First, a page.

Like many of you out there, I have been prepping for the 2009 Fantasy Baseball draft since Eric Hinske struck out to finish up a three-day long game five of the World Series last October.
If only my boss and girlfriend understood the time and effort that needs to be put into draft prep to make the six month season more exciting.
Nothing is worse than becoming the Fantasy Kansas City Royals, mathematically eliminated before the 4th of July brisket is fully smoked. I would have said the Pittsburgh Pirates, but at least they have Terrible Towels to wipe away their baseball tears.
Fantasy baseball is a long and grueling season that cannot be won with a good draft alone, but is nearly impossible to win without a good foundation built in March.
The purpose of this column is not to tell you whom to draft, but to help you make sure that you are getting the proper information for your league.
With all the different ranking systems and projections our there, and with so many leagues straying from the traditional 5x5, it is important to make sure that the rankings you are using truly match up with your league settings.
With a few relatively easy mathematical equations and some Excel spreadsheets you can turn any projection a customized cheat sheet. It gets a bit mathy here, but I promise it makes sense and is not that hard to recreate.
Start by compiling projections from several sources, I of course suggest by starting with ProFantasyBaseball.com. As with any statistics, the more samples you gather, the more accurate the numbers.
For this column I will be only talking about the 5x5 stats, but understand that the purpose is to create a cheat sheet with your customized league settings.
With these formulas you should rerun these rankings taking your leagues stat categories into consideration prior to drafting.
It starts by looking at each of the projections individually. Each player is assigned a number based on the stats that they are projected.
We will start with the hitters. Find the projected league leader in each of the five stat categories. The league leader is assigned 1 point, and everyone else gets a percentage based on the league leader being 100%.
The sample equation looks like this:
Player Runs / League Leader Runs
(Example: If Ryan Howard is projected to lead the league with 45 HR and Hanley Ramirez is projected to hit 30 HR, then Ryan Howard is given 1 point and Hanley Ramirez is given .667 points.)
This is simple to do for the counting stats, R, RBI, HR, and SB, but gets a bit tricky with AVG. If you look at 2008, both Magglio Ordonez and Aaron Miles hit .317, however Magglio did it in nearly 200 more at-bats, so his .317 should count for more than Miles' .317.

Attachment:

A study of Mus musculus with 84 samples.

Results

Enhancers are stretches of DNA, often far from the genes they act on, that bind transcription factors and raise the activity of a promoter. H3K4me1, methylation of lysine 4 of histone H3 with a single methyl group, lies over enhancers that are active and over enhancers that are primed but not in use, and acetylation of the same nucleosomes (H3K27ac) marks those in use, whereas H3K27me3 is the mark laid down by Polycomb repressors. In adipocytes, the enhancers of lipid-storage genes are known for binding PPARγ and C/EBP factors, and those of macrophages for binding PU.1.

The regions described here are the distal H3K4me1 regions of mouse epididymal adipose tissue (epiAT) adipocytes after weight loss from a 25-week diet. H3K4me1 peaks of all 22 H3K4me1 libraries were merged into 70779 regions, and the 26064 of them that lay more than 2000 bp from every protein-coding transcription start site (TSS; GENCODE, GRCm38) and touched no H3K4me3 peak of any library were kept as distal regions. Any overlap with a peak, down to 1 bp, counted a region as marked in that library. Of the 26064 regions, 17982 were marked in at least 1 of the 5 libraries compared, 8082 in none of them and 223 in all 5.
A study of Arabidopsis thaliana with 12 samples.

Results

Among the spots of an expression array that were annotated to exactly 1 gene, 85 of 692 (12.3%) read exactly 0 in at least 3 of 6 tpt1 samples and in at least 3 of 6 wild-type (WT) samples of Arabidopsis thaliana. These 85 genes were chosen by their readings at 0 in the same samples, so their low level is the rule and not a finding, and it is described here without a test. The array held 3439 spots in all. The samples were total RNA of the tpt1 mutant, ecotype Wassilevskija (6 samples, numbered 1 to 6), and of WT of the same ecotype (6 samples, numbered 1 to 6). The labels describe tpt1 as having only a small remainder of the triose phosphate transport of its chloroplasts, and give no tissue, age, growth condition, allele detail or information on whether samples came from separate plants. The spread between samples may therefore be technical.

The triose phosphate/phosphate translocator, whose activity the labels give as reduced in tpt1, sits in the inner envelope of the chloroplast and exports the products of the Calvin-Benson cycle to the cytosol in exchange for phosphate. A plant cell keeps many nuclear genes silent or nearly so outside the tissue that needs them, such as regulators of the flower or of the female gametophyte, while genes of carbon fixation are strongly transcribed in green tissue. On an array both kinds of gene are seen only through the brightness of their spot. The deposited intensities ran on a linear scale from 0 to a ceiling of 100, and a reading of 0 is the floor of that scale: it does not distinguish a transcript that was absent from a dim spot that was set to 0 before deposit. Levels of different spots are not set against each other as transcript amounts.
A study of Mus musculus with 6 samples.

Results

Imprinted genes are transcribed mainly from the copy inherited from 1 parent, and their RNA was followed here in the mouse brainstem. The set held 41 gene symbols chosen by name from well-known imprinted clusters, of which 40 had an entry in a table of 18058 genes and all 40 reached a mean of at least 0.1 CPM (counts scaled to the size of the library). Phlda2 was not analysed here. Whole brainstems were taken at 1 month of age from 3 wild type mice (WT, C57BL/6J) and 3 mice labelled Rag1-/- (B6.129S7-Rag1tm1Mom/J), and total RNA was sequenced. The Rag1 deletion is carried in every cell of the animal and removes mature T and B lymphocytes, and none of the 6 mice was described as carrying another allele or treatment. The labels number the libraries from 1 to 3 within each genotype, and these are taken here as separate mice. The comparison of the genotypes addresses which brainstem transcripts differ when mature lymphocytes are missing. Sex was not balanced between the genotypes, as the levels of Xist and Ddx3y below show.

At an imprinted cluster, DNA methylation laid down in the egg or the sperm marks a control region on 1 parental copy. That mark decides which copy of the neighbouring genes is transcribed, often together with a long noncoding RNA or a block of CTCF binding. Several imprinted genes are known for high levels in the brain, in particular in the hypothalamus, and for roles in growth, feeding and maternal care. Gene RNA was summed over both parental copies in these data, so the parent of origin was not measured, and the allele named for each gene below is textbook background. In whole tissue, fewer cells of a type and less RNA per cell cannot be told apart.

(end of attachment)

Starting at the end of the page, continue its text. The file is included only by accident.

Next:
To account for this there is one added step to the equation. I took the projected number of AB divided by the league leader in AB and multiplied that number by the AVG percentage to come up with a weighted calculation. Not all projections will have the AB projections, but there are plenty out there that do.
(Player AVG / League Leader AVG) * (Player AB / League Leader AB)
Pitching stats pose another set of equations. The counting stats, W, SV, and K are done the same way that the hitting counting stats are figured. ERA and WHIP need to be weighted the way batting average is, but since lower is better, the equation needs another step.
Check your math and make sure your parentheses are in order you algebra geeks; no player should receive more than 1 point for any category.
As far as who the league leader is, use the starting pitcher with the lowest ERA and WHIP. If you are struggling to find projected IP, you can use 200 IP for starters and 70 IP for relievers as a benchmark.
[2-(Players ERA/League Leader ERA)]*(Players IP/ League Leader IP).
After you have calculated the numbers for each of the categories, add them together to get a true overall value for each player. The list you now have is a great start to the perfect draft cheat sheet.
These numbers are great and can be used as part of your draft kit, but we encounter one issue. Math doesn’t understand that you need to field a team with assigned positions.
If Math had its way, very few catchers or second basemen would be drafted this year. To combat this, I have taken the rankings that Math gave me and divided them by Average Draft Position.
This accommodates for position scarcity and moves those catchers, second basemen, closers, and lower tiered shortstops up in the rankings to create a more accurate cheat sheet.
Now you have your rankings and you are one step closer to being ready to draft. My next article will highlight some pre-draft and war room strategies.
If any of you have your own rankings systems, or if you are thoroughly confused, let me know in the comments section.